Wednesday, November 24, 2010
I love you all very much. Every moment of my life is richer with each of you in it. I am so very happy you are all a part of my life - you are my family.Thank you for being you!
Tuesday, November 23, 2010
One of the most wonderful compliments I've ever received was having my artwork confused with John Buynak's. John was once a member of the band Rusted Root and had heavily contributed to much of the artwork used on album covers, promotional posters and concert t-shirts. I've never met John, but I am good friends with one of his old bandmates, Jim Donovan, who I met not long after he left the band in 2005.
So when my friend Kim recently asked me if I had created the art for some of their early album covers (Circa 92-98) I smiled, then said, "Thank You! But no, that's John Buynak's art. Isn't he amazing?" Kim thought since I knew Jim that it was within the realm of possibility that I was the band's artist. I was truly honored by the compliment as I've been a fan of John's art since the mid 90's.
John & I are friends on Facebook and it always tickles me to no end when upon occasion he has *liked* one of my pieces. Please be sure to visit John's website above to see more of his amazing art.
Examples of John's album cover art for the band. PS - the "Live" album is *Spectacular!*
Monday, November 22, 2010
These figures, which I have dubbed "Spirit People" have been turning up again and again in my art. I think they were originally inspired by my love of petroglyph (cave) art and have been modeled after various forms I had seen that represented deities and shamans. Sometimes they seem to come from within me, sometimes from somewhere else... as though there is something to be learned.
The image above was requested to be used by Braden Barty (Billy Barty's son) in the movie Spirit Space; A Journey Into Your Consciousness
I initially learned to make them after trying a simple watercolor exercise that I had seen in a book I found at the public library. The movement to make them is swift but with the simplest of variation, you can make them look altogether different and as expressive as you wish.
I finally took th etime to look back through my work to put a specific set together of these images and I was surprised by how many of them there were. Please enjoy.
Friday, November 19, 2010
This is my first acrylic painting on canvas. It is 16 x 20" and entitled "Transformation and Acceptance." It displays a plethora of emotions that I have been tapping into while relentlessly working on my personal evolution. Anger, frustration, jealousy, dependence, control, fear, hatred, depression, resolve, understanding, joy, acceptance, surrender, love, impermanence... It is through this process- of tapping into a higher sense of self and allowing myself to create from that spot, that I can really let go and transform.
It all starts here. The piece was created with various kinds of acrylic paint while using a dry brush technique. (I mixed no water with the paint.)
I have come to learn that no matter how hard it is to go into the dark parts of our selves, you can never really know how good the sun feels until you agree to go all in.
These images have been popping up time and again in my work. I call them "Spirit People" and in this instance, they are representing me through all the different stages of my transformation. (With more yet to come.) The most prominent one is representing my current stage, ages 40-50.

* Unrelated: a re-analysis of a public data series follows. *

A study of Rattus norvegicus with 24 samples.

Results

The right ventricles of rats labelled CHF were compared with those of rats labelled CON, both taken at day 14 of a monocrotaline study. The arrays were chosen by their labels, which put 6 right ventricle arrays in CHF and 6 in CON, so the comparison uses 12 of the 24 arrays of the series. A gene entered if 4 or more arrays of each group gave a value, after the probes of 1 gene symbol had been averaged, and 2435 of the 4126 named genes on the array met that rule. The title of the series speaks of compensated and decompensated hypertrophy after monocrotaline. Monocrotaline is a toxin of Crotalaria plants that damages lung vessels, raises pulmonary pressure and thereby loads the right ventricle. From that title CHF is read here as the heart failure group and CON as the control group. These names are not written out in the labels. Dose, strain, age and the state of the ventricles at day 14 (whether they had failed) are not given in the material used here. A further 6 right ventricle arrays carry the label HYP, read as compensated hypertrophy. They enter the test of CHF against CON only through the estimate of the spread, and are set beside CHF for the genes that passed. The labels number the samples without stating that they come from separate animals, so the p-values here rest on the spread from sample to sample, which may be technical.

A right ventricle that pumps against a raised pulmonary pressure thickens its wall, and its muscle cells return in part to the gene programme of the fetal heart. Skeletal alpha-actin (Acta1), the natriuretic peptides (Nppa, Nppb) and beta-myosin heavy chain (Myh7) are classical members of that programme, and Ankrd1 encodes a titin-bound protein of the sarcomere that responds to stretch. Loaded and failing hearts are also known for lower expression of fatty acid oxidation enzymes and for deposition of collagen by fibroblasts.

I wonder whose face this is?
There are three things written in this piece. Across the top it says, "You are stronger than it." Golden words of advice from my friend Jim Donovan. Down the right side it says, "You can't roll back." Along the bottom is a Sanskrit mantra - "Om Droom Soha Om Amri te Ayer Da Dey So-ha." It is a mantra for breaking patterns and for releasing old karma.
I will be placing this piece for sale on Etsy - if you are interested, I highly suggest contacting me ASAP. It's going to be worth a fortune someday. :o)
Thursday, November 4, 2010
When I create, I am either doing in what I would call "going through the motions" (essentially practice) or what I will refer to as "going all in." This is an extreme example of going all in. I created this in a highly charged state of emotion. I was p*ssed. I was angry. I was frustrated. I wanted answers I couldn't get.
I was slapping the paints over the paper fast as can be, listening to my "Groove" playlist on my iPod. Speakers plugged in, I've got it cranked and I'm even angrier because I'm not painting a mandala. I don't know what this is, don't care how it looks, (it actually looks pretty cool) and I grab the white paint and obscure the bottom layer. I *MUST* do a mandala over top of this.
I sing along with the music but I get stuck on Amy Winehouse's "Tears Dry on Their Own." One of my all-time favorite songs, it's been the ringtone on my cell phone for I think 2 years... Listen close, the lyrics are pretty intense. The words that kept jumping out at me during this session were "inevitable withdrawal." Considering my state of mind at the time, they were perfect to describe my feelings and they were added to the painting, though misspelled.
This is where I left off that day and I think it's finished. Maybe I will go back and clean up some of the black lines Daniel Smith & Winsor Newton Acrylics on Multimedia Artboard.
Now take a minute & listen to Amy - goofy video, fantastic song.